On Thursday he announced that the progressive Organizing for Action group, which formed out of the pieces of Obama’s re-election campaign, would be folded into the National Democratic Redistricting Committee.
In a Medium post, Obama called gerrymandered maps “undemocratic” and “unrepresentative,” saying they have “too often stood in the way of change.”
While OFA had previously partnered with the NDRC, the former will now cease to exist, according to The Atlantic. Its resources will be funneled to help the redistricting group fulfill its mission to fairly redraw state maps where district boundaries have been manipulated to make Democrat wins more difficult.
The merger will create a “joint force that is focused on this issue of singular importance,” Obama said in a Thursday evening phone call, per The Atlantic.
Gerrymandering reform has become a major focus for the former president in the Trump era. Obama and other Democratic leaders launched the NDRC in October 2016, and it is currently chaired by former Obama administration Attorney General Eric Holder.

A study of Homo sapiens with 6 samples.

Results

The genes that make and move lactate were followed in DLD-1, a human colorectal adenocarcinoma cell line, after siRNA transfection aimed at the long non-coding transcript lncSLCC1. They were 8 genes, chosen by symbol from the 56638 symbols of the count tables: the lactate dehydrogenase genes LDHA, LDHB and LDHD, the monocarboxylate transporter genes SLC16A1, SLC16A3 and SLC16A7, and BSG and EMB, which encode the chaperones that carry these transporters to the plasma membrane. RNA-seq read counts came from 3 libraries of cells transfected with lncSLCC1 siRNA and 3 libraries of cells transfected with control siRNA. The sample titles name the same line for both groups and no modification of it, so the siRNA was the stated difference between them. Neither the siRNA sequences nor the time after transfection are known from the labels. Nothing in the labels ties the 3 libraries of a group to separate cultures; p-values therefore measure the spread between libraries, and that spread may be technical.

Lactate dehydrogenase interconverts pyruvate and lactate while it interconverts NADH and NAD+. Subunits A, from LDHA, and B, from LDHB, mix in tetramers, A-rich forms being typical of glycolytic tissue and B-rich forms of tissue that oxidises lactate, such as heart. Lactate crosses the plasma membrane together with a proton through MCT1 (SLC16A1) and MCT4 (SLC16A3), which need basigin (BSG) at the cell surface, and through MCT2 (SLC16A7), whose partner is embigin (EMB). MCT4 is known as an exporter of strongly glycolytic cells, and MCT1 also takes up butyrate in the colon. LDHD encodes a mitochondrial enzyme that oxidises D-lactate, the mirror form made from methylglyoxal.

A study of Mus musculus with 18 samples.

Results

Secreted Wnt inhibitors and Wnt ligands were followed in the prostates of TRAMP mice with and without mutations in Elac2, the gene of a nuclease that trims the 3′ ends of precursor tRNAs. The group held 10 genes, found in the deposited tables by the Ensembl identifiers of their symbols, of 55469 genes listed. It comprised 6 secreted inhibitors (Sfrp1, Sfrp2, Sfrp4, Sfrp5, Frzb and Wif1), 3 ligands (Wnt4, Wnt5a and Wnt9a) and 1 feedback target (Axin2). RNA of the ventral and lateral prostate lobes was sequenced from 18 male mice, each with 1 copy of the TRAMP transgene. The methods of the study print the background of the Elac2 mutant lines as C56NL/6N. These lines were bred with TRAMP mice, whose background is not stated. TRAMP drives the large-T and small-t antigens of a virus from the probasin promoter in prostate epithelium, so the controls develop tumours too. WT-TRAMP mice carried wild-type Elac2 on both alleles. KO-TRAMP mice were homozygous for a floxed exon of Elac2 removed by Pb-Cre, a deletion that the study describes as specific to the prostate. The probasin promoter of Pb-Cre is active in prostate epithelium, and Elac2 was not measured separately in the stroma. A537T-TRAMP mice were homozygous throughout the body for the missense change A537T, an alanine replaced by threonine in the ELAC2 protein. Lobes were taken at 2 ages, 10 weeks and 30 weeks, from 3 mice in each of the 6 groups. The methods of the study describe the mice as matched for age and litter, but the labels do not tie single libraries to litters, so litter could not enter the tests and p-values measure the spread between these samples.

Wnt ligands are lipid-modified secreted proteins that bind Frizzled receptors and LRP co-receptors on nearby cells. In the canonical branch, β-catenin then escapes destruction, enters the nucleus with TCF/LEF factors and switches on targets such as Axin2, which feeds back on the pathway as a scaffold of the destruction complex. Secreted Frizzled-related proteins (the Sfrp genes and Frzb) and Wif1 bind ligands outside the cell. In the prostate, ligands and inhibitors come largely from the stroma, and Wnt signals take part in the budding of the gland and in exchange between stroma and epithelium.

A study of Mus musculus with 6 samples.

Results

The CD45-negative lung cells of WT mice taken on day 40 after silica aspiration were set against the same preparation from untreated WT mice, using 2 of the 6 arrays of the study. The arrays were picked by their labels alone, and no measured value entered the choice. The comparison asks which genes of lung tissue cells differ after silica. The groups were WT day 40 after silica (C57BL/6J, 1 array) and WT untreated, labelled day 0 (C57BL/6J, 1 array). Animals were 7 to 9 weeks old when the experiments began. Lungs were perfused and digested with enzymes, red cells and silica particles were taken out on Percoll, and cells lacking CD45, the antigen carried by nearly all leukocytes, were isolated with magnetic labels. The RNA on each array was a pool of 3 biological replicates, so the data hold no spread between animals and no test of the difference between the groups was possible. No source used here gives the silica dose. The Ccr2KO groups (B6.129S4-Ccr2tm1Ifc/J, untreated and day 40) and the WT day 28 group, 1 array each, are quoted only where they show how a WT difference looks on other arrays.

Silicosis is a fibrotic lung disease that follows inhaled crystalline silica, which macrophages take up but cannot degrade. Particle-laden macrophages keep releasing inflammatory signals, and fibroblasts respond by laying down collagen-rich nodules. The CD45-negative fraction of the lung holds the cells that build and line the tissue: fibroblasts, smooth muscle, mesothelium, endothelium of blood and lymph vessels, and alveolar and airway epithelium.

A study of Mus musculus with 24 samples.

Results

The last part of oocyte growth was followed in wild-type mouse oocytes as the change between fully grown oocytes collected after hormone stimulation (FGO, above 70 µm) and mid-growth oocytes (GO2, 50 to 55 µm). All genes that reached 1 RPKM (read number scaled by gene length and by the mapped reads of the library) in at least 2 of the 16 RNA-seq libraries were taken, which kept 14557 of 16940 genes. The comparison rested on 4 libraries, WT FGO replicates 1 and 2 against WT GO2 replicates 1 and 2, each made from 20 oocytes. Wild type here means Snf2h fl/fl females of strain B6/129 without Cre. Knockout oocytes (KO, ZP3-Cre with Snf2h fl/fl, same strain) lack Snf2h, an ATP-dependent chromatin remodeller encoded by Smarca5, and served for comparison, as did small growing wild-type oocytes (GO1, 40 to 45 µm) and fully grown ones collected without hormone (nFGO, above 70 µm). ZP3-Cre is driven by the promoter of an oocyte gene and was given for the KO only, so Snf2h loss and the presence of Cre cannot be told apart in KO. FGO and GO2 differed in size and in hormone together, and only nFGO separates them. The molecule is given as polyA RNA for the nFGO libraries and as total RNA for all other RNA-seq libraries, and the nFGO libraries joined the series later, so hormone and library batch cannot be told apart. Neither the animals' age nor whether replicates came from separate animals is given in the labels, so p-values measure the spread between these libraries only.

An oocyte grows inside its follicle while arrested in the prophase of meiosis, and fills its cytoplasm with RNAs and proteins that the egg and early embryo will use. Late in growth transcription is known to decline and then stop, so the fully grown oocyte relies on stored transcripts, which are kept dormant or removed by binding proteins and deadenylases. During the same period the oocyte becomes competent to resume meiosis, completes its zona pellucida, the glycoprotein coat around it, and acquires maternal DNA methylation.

A message to OFA supporters this week just before the announcement cited November’s midterm election results in North Carolina as evidence of a broken system. Despite a 50 percent voter turnout in the swing state, Democrats have won just three out of 13 congressional seats, the message pointed out. The state has one of the nation’s more extremely gerrymandered maps.
In a phone call to supporters, Obama framed the reform effort as a shield for democracy.
“People want commonsense gun-safety laws; Congress ignores it. People want compressive immigration reform [sic]; Congress ignores it,” Obama said, per The Atlantic.
He continued: “The single most important thing that could be done at the grassroots level over the next few years is to make sure the rules of the road are fair. If we do that, I think we’ll do the right thing.”
Obama has largely stayed out of the political fray since President Donald Trump entered the White House in order to avoid handing the new president fuel to attack Democrats. He made an exception to push Democratic candidates in the recent midterm elections, and is expected to keep his work behind-the-scenes until the 2020 races heat up.